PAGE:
Holland’s ruling coalition reached an agreement on Wednesday (22 April) over providing shelter to thousands of failed asylum seekers, ending an 11-day dispute that had threatened to bring down the government.
The agreement, labelled a messy compromise by the opposition, averts the risk of a government collapse, but this second coalition crisis in five months highlights the difficulty of holding an often fractious Liberal-Labour coalition together.
The government nearly fell late last year, after a healthcare bill was blocked in the Senate.
The two parties, with sharply differing views on social policy, were divided on whether failed or undocumented asylum seekers should continue to receive minimal shelter before they leave the country.
Prime Minister Mark Rutte’s centre-right Liberals said offering continued support would attract more migrants. Their Labour coalition partner backed a policy of “bed, bath and bread” for people in need, even if they had been refused asylum.
Dutch media reported that the parties had agreed a deal whereby failed asylum seekers would be housed, but for a limited time only and in just five major cities — including Amsterdam and Rotterdam — and not countrywide as now.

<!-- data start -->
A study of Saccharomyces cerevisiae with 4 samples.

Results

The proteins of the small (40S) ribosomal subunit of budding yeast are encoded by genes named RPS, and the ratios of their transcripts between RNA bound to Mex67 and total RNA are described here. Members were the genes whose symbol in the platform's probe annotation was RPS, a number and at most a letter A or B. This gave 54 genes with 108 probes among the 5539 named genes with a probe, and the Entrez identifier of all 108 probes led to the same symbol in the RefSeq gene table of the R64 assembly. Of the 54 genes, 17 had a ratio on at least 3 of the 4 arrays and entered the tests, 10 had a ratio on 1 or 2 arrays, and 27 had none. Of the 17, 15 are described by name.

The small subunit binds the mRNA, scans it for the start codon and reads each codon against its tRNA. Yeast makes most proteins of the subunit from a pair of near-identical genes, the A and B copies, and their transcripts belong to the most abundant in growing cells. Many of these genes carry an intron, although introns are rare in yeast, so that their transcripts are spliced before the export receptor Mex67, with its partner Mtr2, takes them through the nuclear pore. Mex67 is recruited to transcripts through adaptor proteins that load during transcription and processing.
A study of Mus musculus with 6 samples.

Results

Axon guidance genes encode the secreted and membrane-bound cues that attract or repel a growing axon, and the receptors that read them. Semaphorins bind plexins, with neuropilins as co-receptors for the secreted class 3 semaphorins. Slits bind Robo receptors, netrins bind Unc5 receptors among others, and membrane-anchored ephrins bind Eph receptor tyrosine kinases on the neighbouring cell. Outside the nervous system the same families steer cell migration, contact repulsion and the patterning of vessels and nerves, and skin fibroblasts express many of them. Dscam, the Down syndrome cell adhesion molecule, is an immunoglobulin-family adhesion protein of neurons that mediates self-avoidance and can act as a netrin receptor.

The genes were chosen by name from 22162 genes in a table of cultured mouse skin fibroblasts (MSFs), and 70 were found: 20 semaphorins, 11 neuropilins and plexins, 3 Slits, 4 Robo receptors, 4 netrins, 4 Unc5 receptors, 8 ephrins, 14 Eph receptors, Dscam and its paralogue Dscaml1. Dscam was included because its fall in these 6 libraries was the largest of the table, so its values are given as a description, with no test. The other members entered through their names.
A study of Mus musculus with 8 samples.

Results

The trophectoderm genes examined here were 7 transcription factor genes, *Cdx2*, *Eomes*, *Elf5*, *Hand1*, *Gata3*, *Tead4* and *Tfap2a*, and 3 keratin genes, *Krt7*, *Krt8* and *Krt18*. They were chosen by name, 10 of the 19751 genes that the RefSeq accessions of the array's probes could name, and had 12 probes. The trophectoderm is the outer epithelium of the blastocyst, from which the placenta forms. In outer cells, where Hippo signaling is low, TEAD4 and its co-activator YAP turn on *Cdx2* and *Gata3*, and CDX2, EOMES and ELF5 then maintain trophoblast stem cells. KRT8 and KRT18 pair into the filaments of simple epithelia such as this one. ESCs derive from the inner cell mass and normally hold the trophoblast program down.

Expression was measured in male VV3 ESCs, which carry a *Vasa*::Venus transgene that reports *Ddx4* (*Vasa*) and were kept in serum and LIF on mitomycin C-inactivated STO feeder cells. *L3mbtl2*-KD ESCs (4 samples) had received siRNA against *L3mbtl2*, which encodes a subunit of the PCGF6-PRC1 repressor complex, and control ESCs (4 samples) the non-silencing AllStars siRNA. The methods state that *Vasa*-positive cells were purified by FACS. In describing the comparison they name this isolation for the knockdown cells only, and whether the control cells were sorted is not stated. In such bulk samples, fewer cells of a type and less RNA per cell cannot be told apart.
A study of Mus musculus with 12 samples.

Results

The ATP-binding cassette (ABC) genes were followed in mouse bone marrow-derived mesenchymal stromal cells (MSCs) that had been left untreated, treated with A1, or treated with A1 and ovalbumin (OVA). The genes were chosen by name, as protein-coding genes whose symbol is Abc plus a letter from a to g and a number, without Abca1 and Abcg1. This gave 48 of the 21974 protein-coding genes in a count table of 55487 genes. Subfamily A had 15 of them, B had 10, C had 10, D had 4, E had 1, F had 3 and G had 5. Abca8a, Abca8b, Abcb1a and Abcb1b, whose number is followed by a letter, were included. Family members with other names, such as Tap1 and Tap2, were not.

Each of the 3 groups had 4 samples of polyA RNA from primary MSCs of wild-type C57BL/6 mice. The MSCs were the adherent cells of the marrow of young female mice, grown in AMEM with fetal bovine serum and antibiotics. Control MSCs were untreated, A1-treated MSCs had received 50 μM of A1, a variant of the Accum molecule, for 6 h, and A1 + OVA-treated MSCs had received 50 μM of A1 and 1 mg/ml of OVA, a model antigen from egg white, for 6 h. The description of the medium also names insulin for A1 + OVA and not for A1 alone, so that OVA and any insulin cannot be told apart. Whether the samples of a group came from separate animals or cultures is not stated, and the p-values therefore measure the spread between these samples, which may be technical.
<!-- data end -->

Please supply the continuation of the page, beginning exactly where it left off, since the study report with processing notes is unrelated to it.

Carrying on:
Alexander Pechtold, leader of the centrist D66 party, dismissed the agreement as a “mad compromise … You can’t say it isn’t thought through because it’s taken them 11 days, but it just shifts the problem on to a few cities.”
A small nation of 17 million people, the Netherlands welcomed large numbers of migrants for decades after World War Two, mostly from Turkey and Morocco. But it has become less accommodating amid a public backlash over Muslim immigration and increasing stresses on the social welfare system.
Rutte’s Liberals are under pressure on their right flank from the Freedom Party of far-right, anti-Muslim populist Geert Wilders, who opposes non-European immigration.
At a parliamentary debate on the drowning in the Mediterranean this week of hundreds of migrants fleeing conflict in North Africa, Wilders called for migrants to be intercepted at sea and returned to their country of origin.
“Each asylum seeker costs us 26,500 euros a year,” he told Parliament. “Our borders must be watertight.”
There are between 10,000-20,000 illegal, or irregular migrants, in the Netherlands, Dutch media has reported.